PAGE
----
Objection 1: It would seem that prudence is not in the cognitive but in the appetitive faculty. For Augustine says (De Morib. Eccl. xv): |Prudence is love choosing wisely between the things that help and those that hinder.| Now love is not in the cognitive, but in the appetitive faculty. Therefore prudence is in the appetitive faculty.
Objection 2: Further, as appears from the foregoing definition it belongs to prudence |to choose wisely.| But choice is an act of the appetitive faculty, as stated above (FS, Q, A). Therefore prudence is not in the cognitive but in the appetitive faculty.
Objection 3: Further, the Philosopher says (Ethic. vi, 5) that |in art it is better to err voluntarily than involuntarily, whereas in the case of prudence, as of the virtues, it is worse.| Now the moral virtues, of which he is treating there, are in the appetitive faculty, whereas art is in the reason. Therefore prudence is in the appetitive rather than in the rational faculty.
On the contrary, Augustine says (QQ. lxxxiii, qu.61): |Prudence is the knowledge of what to seek and what to avoid.|
I answer that, As Isidore says (Etym. x): |A prudent man is one who sees as it were from afar, for his sight is keen, and he foresees the event of uncertainties.| Now sight belongs not to the appetitive but to the cognitive faculty. Wherefore it is manifest that prudence belongs directly to the cognitive, and not to the sensitive faculty, because by the latter we know nothing but what is within reach and offers itself to the senses: while to obtain knowledge of the future from knowledge of the present or past, which pertains to prudence, belongs properly to the reason, because this is done by a process of comparison. It follows therefore that prudence, properly speaking, is in the reason.
Reply to Objection 1: As stated above (FP, Q, A) the will moves all the faculties to their acts. Now the first act of the appetitive faculty is love, as stated above (FS, Q, AA,2). Accordingly prudence is said to be love, not indeed essentially, but in so far as love moves to the act of prudence. Wherefore Augustine goes on to say that |prudence is love discerning aright that which helps from that which hinders us in tending to God.| Now love is said to discern because it moves the reason to discern.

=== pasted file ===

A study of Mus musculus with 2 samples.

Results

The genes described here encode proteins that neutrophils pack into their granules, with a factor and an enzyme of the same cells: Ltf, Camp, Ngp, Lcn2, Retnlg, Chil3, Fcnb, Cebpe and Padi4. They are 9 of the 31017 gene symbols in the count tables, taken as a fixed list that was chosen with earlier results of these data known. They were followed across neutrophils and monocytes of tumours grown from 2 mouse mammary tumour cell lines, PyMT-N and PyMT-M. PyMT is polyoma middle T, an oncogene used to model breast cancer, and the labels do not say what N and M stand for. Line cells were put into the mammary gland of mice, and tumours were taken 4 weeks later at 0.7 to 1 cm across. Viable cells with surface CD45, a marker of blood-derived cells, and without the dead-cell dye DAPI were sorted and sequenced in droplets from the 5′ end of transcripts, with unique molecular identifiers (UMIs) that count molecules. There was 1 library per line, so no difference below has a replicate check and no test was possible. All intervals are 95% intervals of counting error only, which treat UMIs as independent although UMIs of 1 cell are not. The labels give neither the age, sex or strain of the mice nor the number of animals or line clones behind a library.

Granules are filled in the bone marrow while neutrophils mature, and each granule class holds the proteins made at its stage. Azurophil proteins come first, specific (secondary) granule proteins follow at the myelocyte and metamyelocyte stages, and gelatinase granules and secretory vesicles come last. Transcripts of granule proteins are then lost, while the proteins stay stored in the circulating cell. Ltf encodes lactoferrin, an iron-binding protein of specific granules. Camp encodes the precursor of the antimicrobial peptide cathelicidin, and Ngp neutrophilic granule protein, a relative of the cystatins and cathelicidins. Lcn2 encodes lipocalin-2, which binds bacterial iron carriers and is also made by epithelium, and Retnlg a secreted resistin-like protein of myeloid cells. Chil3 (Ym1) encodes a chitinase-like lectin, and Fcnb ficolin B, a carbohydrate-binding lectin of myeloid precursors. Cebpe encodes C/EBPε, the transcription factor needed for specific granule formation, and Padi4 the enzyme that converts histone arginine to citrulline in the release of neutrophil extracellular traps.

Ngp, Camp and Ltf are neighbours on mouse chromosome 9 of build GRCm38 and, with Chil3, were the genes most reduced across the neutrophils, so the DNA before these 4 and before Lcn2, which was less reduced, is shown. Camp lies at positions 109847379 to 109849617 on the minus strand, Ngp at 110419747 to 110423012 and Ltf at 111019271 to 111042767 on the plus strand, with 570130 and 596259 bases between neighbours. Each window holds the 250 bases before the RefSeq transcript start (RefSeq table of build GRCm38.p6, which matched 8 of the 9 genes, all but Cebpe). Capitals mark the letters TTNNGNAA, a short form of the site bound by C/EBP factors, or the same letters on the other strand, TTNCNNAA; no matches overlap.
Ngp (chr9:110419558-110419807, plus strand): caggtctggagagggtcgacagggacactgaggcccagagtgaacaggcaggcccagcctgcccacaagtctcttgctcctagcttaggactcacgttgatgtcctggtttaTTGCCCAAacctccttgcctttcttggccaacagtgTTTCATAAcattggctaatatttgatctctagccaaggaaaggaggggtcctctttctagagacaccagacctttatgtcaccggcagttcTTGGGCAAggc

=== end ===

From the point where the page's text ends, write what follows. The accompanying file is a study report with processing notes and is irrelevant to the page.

Reply to Objection 2: The prudent man considers things afar off, in so far as they tend to be a help or a hindrance to that which has to be done at the present time. Hence it is clear that those things which prudence considers stand in relation to this other, as in relation to the end. Now of those things that are directed to the end there is counsel in the reason, and choice in the appetite, of which two, counsel belongs more properly to prudence, since the Philosopher states (Ethic. vi, 5,7,9) that a prudent man |takes good counsel.| But as choice presupposes counsel, since it is |the desire for what has been already counselled| (Ethic. iii, 2), it follows that choice can also be ascribed to prudence indirectly, in so far, to wit, as prudence directs the choice by means of counsel.
Reply to Objection 3: The worth of prudence consists not in thought merely, but in its application to action, which is the end of the practical reason. Wherefore if any defect occur in this, it is most contrary to prudence, since, the end being of most import in everything, it follows that a defect which touches the end is the worst of all. Hence the Philosopher goes on to say (Ethic. vi, 5) that prudence is |something more than a merely rational habit,| such as art is, since, as stated above (FS, Q , A) it includes application to action, which application is an act of the will.